Assessment: Spotlight on sub-groups

  • Emelien Lauwerier

    Ghent University Department of Experimental Clinical and Health Psychology Ghent Health Psychology Lab Faculty of Psychology and Educational Sciences, Belgium
  • Edmund Keogh

    Deputy Director, Bath Centre for Pain Research and Professor of Psychology in the Department of Psychology, United Kingdom

Chair: Emelien Lauwerier, Belgium
Edmund Keogh, United Kingdom
General Overview:

This set of modules will consider individual group differences that can occur in the experience of pain. They will illustrate how an individual difference approach can not only help understand the variation in pain that occurs between individuals, but also how such an approach can be used to explore and better understand the psychosocial mechanisms and processes that impact on pain. By better identifying why such variation in pain occurs, it should be possible to design and develop better ways of helping people to manage their pain.

Module Abstracts:

Module 1: Introduction to subgroups. This module will introduce the concept of individual differences and how they relate to pain. It will consider what is meant by subgroups and provide examples of some known individual differences in pain. The focus will be on sociodemographic factors, and how pain assessment methods play a central role in understanding this variation. It will be argued that an exploration of individual differences can generate useful questions about why variation in pain occurs, including the role that psychosocial mechanisms play. Implications are also considered.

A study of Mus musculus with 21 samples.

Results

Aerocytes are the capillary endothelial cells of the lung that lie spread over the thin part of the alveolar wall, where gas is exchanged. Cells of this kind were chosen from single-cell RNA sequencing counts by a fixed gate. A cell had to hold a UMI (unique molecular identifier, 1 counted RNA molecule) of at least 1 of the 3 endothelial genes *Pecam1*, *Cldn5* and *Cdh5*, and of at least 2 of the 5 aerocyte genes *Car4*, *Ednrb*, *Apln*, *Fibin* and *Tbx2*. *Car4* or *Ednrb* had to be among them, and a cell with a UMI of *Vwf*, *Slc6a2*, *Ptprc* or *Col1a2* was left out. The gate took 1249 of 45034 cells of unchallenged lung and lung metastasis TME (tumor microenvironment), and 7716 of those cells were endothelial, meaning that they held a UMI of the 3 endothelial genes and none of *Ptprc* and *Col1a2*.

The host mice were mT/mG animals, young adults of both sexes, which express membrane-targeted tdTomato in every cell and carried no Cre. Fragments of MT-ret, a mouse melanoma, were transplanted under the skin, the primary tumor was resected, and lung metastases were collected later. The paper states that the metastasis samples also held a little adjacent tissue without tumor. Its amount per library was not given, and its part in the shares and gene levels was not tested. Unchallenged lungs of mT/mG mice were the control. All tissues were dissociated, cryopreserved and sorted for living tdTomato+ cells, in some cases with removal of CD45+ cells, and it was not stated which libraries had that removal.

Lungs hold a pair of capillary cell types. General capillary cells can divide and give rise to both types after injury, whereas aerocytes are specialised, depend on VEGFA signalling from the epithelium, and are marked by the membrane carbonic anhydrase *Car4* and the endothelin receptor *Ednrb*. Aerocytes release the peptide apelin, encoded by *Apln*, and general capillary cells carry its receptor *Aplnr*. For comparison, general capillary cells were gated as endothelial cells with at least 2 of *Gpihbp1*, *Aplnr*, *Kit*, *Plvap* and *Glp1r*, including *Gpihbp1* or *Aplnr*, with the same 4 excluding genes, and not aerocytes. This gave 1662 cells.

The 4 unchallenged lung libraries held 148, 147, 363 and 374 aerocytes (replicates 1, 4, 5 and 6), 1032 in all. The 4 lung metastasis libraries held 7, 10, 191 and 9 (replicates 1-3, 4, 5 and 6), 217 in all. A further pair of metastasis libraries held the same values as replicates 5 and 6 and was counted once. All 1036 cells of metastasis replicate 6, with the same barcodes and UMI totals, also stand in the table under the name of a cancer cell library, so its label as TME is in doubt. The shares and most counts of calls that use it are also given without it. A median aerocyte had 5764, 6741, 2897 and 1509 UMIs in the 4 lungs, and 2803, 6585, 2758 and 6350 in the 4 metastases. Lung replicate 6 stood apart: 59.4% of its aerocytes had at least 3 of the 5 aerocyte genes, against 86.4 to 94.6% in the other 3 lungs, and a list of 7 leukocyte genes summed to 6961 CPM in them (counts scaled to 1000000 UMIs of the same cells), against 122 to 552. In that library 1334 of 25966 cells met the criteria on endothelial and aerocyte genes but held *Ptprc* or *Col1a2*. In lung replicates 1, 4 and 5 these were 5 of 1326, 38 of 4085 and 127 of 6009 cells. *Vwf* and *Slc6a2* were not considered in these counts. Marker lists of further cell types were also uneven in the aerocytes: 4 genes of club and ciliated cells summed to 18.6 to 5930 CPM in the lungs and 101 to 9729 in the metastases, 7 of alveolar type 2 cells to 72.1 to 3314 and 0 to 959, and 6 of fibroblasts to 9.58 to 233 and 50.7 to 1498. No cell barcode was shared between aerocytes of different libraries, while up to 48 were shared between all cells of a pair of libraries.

Module 2: Focus on sex and gender differences. This module will illustrate the themes developed in module 1 by focusing on the variation in pain that seems to occur between men and women. It will start with definitions of sex and gender, and critically evaluate the evidence for the variation that occurs in the way men and women perceive and experience pain. It will be shown how this evidence to support this view reflects different measurement techniques, from experimental pain inductions methods, through to clinical self-report and treatment-outcomes studies.

Module 3: Gender approaches to pain. This module will show how an individual difference approach to men and women’s pain, can be developed to enable a wider understanding of the psychosocial factors that can impact on pain. Whilst an individual difference approach often focuses initially on between-group differences, it can also be used to consider within-group variation. This will be illustrated by focusing on gender, and how a gender approach to pain can also help us better understand the psychosocial processes that play a role. Examples, such as gender role expectations and beliefs, as well as the role of situational factors are provided.

Module 4: Implications of taking an individual differences approach to pain. The final module will consider the implications of taking an individual group differences approach to pain. It will illustrate this using two examples. The first will show how such an approach can help better understand the biopsychosocial mechanisms of pain. The second example will consider the way such an approach helps to highlight health inequalities. Whilst examples will again focus on sex and gender, it will also note the wider application to other groups and consider interactions with other subgroups. General implications for research and clinical practice will be considered.